New Delhi, Oct 21 (IANS) At a time when the global smartphone industry is facing component and chip shortages, the festive season in India is set to witness a record smartphone sales at $7.6 billion (nearly Rs 56,880 crore), with the retail average selling price (ASP) growing by 14 per cent to reach its highest ever at $230 (a little over Rs 17,000), a new report showed on Thursday.
According to Counterpoint Research, the festive season is seeing higher trade-ins and aggressive EMIs that increase device affordability and help consumers bypass multiple price barriers. This has helped drive the sales of mid-to-high tier (more than $200) smartphone models and, subsequently, the overall ASP.
“We estimate that almost $7.6 billion worth of smartphones will be sold during the ongoing festive season. This highest-ever number is coming at a time when the global smartphone industry is facing component shortages. As a result, OEMs have been forced to increase prices, which will have a higher impact on the mass market and budget segments,” said senior analyst Prachir Singh.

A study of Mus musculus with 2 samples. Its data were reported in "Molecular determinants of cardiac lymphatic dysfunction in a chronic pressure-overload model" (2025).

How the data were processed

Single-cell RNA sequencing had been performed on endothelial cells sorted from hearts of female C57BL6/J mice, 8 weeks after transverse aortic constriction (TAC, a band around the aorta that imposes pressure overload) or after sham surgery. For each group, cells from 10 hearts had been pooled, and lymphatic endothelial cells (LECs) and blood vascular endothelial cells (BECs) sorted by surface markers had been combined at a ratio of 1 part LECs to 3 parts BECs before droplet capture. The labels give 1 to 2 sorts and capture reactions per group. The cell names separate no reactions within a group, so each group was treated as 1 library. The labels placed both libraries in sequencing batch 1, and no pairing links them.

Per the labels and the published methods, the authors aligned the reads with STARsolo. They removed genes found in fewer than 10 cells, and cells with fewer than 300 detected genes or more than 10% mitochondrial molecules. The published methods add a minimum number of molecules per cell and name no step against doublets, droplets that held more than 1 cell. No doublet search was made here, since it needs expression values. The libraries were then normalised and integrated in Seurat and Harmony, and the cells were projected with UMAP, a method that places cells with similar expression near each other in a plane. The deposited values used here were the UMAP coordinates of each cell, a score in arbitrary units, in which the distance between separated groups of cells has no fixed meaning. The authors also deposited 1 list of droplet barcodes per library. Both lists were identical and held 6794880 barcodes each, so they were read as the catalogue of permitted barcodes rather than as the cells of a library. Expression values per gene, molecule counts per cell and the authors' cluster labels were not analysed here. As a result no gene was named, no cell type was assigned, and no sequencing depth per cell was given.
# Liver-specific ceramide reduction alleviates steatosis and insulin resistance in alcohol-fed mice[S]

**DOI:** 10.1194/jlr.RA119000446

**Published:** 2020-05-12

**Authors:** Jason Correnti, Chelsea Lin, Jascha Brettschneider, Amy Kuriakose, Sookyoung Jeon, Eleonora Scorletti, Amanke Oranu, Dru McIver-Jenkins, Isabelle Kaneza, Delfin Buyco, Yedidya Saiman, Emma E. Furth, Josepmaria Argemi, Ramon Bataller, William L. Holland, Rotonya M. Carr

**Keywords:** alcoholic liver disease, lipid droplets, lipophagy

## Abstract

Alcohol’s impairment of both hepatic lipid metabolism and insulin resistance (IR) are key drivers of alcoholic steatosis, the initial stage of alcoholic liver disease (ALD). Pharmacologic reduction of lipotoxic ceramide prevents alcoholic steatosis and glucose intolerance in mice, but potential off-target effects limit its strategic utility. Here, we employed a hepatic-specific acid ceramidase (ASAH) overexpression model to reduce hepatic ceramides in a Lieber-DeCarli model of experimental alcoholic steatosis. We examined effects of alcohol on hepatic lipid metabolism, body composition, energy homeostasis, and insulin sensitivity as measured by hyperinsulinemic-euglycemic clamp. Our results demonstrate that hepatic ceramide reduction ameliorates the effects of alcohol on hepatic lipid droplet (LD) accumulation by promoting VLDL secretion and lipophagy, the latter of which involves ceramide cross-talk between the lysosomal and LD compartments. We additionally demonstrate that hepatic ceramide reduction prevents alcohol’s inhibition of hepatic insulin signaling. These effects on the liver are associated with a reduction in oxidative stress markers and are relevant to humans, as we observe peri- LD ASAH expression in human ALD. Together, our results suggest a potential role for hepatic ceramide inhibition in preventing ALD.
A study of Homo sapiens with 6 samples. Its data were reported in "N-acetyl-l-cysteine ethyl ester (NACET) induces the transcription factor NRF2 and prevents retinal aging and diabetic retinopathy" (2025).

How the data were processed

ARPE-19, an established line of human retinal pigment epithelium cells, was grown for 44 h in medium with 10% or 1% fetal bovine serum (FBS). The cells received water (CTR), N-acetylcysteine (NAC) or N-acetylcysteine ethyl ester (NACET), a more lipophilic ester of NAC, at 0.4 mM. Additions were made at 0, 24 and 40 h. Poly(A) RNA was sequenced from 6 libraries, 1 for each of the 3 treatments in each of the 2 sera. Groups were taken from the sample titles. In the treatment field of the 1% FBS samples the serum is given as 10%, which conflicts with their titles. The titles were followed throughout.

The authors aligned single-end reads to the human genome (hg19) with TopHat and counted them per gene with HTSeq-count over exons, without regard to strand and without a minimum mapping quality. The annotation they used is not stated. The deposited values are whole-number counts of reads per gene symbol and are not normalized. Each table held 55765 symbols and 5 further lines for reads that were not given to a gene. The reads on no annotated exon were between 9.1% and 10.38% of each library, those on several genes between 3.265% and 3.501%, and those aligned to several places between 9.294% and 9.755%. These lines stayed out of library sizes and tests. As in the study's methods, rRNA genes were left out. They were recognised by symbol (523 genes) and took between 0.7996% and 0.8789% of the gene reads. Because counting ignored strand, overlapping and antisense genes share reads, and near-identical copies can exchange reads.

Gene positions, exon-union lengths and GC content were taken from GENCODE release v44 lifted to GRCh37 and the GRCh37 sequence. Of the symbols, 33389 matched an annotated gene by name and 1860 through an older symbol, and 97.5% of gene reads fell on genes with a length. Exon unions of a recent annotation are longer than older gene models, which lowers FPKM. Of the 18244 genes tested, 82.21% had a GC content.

High consumer demand in the mid and premium segments will drive the sales.
Although the growth in market value during the 2021 festive season is expected to be 1 per cent (on-year), the retail ASP will grow at 14 per cent (YoY).
“The overall consumer sentiment has been positive going into the festive season. Many consumers have decided to spend from their accumulated savings for something that is more personal. This trend will drive a faster smartphone upgrade during the festive season,” said Research Director Tarun Pathak.
India’s festive shopping season was kicked off during the first week of October when online platform giants Amazon and Flipkart announced their sales. The season will end on November 4 with Diwali.
“Many OEMs sensed this trend (trade-ins and EMIs) and brought out aggressive offers on premium devices. The relatively higher sales of premium segment smartphones also helped offset the losses in the mass market due to price hike,” Pathak added.